Prime Minister Theresa May has effectively committed Tory MPs to backing her ‘hard Brexit’ stance of ‘no deal is better than a bad deal’ by enshrining it in the party’s manifesto, released on Thursday.
May bound her Conservative MPs to support a so-called hard Brexit by saying they would all be elected on the manifesto pledge that crashing out of the European Union without any deal would be better than leaving with a bad one.
“The negotiations will undoubtedly be tough, and there will be give and take on both sides, but we continue to believe that no deal is better than a bad deal for the UK,” the manifesto reads.
May would therefore allow the UK to withdraw from the single market and customs union, as well as “reducing and controlling” EU migration, whatever the cost.
The manifesto pledge will anger pro-Europe Tory MPs, who had hoped to convince May to rethink her hard Brexit stance, which they deem reckless.
Binding her MPs to the pledge could be an attempt to quell rebels in the House of Commons seeking to influence negotiations. This would free up May’s negotiating hand.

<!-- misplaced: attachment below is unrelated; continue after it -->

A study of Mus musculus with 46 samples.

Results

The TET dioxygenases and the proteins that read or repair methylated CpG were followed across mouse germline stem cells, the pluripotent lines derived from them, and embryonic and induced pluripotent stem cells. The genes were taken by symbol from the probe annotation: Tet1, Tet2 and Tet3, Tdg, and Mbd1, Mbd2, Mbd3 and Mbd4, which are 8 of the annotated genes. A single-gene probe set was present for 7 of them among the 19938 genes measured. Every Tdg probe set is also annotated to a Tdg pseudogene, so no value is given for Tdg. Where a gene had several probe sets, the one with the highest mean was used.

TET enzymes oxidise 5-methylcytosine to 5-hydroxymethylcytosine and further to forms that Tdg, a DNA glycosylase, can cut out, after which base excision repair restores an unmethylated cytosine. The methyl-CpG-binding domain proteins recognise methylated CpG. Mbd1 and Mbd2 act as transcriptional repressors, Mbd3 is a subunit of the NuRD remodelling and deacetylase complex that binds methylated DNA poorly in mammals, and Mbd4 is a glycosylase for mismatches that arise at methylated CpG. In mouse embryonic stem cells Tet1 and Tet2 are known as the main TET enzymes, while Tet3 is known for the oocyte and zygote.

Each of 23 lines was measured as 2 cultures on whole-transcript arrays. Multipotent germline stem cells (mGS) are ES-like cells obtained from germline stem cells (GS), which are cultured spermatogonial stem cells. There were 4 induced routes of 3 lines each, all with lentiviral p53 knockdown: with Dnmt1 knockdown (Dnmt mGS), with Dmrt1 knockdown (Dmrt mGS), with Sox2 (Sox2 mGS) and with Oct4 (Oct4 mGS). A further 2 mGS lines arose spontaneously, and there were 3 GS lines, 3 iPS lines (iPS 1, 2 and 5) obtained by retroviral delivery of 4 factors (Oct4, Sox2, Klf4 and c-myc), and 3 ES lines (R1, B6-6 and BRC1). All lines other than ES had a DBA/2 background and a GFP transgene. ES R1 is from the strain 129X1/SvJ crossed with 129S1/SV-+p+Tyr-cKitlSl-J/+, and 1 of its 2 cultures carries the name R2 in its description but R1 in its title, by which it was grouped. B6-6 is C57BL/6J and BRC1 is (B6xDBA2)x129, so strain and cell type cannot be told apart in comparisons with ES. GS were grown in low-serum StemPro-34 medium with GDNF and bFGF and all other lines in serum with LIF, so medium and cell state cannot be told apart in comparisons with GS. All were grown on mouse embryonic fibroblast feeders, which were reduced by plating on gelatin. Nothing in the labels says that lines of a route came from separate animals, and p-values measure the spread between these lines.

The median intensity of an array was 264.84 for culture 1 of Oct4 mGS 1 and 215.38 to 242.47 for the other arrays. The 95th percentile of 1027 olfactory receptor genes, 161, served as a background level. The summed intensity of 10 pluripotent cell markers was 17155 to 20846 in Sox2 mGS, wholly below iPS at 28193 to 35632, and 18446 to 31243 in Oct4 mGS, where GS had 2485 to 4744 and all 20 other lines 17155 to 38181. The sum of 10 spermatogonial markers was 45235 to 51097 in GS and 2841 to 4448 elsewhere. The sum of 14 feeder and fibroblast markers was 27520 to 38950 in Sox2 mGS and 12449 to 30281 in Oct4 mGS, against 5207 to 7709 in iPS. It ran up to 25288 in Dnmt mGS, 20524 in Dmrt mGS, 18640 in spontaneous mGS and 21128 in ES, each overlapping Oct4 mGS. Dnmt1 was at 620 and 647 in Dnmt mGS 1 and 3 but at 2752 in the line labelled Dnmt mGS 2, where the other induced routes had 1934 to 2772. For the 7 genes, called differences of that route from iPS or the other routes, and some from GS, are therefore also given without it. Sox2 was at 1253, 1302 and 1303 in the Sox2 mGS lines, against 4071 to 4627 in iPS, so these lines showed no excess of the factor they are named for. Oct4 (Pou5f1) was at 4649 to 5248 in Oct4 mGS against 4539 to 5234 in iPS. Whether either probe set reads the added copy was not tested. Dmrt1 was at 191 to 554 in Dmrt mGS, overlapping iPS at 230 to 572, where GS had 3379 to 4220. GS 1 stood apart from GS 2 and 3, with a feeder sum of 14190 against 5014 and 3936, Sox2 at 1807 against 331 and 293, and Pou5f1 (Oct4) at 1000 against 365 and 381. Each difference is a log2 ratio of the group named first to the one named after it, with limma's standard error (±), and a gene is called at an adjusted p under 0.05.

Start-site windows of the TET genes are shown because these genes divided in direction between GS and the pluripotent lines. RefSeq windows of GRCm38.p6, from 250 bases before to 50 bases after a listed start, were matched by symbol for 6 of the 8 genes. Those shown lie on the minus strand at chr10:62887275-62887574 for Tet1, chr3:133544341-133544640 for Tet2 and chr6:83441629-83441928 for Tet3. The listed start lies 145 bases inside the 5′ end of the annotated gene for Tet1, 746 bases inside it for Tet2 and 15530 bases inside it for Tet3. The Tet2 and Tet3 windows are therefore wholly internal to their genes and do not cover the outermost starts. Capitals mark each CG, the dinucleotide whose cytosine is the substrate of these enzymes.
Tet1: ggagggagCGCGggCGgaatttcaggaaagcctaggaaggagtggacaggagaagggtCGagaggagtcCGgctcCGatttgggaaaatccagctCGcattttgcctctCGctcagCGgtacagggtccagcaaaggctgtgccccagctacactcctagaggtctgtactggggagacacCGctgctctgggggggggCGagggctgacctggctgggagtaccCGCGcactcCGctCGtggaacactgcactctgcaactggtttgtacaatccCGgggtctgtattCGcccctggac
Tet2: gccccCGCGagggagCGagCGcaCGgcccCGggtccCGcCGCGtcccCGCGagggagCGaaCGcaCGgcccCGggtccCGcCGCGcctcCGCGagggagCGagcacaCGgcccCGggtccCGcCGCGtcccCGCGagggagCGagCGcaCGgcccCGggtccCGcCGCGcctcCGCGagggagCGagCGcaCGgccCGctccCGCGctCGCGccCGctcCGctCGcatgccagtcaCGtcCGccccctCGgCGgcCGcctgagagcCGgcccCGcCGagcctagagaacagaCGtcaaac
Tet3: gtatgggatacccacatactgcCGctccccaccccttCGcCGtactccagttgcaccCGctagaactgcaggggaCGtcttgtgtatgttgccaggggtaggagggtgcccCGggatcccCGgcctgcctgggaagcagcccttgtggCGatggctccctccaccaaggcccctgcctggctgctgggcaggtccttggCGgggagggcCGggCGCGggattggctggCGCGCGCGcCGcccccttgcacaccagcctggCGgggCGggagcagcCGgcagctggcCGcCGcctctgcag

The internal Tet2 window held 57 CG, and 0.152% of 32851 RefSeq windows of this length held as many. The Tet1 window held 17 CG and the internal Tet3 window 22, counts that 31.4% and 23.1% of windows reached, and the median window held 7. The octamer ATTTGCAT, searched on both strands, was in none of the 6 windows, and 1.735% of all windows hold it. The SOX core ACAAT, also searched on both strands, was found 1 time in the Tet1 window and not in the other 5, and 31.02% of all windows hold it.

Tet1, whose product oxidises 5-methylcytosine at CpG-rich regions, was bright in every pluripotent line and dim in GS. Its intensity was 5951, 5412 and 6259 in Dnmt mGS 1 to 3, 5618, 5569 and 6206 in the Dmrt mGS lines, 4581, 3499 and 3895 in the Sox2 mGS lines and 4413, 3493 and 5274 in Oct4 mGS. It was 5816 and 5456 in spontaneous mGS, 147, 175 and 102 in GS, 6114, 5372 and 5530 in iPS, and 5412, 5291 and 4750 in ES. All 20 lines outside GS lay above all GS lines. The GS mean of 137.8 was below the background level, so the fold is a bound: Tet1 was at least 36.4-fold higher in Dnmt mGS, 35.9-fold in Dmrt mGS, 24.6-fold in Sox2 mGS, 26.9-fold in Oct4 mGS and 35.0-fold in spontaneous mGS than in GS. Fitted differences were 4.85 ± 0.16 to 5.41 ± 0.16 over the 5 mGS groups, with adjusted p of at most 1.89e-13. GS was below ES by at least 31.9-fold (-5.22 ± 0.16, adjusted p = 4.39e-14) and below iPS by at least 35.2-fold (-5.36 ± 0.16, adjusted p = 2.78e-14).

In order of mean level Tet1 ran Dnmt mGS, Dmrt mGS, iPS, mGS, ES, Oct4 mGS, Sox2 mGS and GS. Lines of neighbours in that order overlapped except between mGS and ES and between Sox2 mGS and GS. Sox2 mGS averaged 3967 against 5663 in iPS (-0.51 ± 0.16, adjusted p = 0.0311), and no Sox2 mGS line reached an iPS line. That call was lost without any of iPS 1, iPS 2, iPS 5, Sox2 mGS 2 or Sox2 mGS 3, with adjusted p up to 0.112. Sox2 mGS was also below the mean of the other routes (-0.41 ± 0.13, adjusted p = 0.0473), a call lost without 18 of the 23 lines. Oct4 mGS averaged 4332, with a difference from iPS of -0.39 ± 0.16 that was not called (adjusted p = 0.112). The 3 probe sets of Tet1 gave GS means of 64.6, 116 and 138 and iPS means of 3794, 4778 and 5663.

Pro-Europe Tory MPs would find it harder to join fellow Europhiles in the Labour Party, Liberal Democrats and Scottish National Party (SNP) to form cross-party, anti-Brexit coalitions.
The manifesto, however, makes clear that May would enter negotiations with a “spirit of sincere co-operation,” with the aim of striking a favorable deal for Britain.
May said she agrees with EU leaders that Britain could not be “half in and half out.”
She has toughened her stance on Brexit, claiming her party is being targeted by EU leaders seeking to undermine her leadership.
“Threats against Britain have been issued by European politicians and officials,” May said in April.
“All of these acts have been deliberately timed to affect the result of the UK general election that will take place on the 8th of June.”